Luthermuir is a village with humble beginnings. Located on a moor near the Water of Luther,  it seems to have been subject to disputes regarding ownership and on early maps is marked as “Debatable Lands”.

By the late 1700’s local landowners became the feudal superiors and the area was known as the Feus of Caldhame.

Caldhame Castle, also close to the Luther, had been the home of the Middleton family when they moved from the lands of Conveth, but the last resident laird died in his chair during a raid on the castle in the 17th Century.

A grander surviving castle nearby is that of Inglismaldie, built by the Carnegie family and home for many years to the Keith Falconers, Lords Haulkerton and Earls of Kintore.

This traditional village of clay “biggins” was home to cottage weaving and the workers who laboured in the area draining the Howe. The last of the local weavers in the area, William Taylor, continued with the production of double damask table linen on his Jacquard loom until the last decades of the 20th Century. The loom can now be seen, still in use, in the House of Dun, near Montrose.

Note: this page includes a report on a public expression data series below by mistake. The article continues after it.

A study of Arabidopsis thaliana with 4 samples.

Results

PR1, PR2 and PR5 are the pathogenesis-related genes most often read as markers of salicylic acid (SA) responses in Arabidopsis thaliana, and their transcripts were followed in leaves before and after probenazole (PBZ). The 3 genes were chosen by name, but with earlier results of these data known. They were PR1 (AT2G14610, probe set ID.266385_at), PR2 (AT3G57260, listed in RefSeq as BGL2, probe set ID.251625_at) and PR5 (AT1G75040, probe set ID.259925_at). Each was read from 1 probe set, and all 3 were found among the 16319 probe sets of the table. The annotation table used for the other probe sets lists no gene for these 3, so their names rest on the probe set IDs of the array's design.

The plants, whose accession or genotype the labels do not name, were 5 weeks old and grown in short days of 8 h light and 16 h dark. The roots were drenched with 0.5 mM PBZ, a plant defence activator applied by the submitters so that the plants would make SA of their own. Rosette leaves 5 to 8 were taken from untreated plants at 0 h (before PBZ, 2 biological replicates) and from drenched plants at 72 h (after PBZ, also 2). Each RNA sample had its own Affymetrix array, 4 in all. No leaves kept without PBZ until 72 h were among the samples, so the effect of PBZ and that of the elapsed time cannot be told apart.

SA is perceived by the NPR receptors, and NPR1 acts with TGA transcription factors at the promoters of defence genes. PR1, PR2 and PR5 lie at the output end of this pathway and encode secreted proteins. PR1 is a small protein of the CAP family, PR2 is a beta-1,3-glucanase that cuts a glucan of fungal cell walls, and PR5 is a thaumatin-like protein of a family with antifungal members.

There is a small church in the village, built by a group who separated from the “Auld Kirk” in the early 1800s but who are reconciled now with the Church of Scotland. At Sauchieburn is the remains of a Berean Chapel, another breakaway group who were linked to Fettercairn, but who erected their church over that parish’s boundary. Finally the former Free Church at Crosspoles on the A90 has been converted into a dwelling after spells as a tattie shed and garage.

Luthermuir has its own primary school whose history was recorded recently by a former headmaster, Donald McGilp, giving an insight to schooldays in another era.

The Scots Corner pub provides a focal point for villagers and is popular with diners both local and from further afield. Sauchieburn Hotel, half a mile from the village, is also a popular dining spot. The Hotel has changed greatly in the last forty years from the old farmhouse kitchen which used to dispense drink and food around the open fire.

Today the village live revolves round its hall, recreation ground, and the school. Disturbed less by modern housing developments, most changes have been to improve the traditional cottages.

More on the history of Luthermuir here.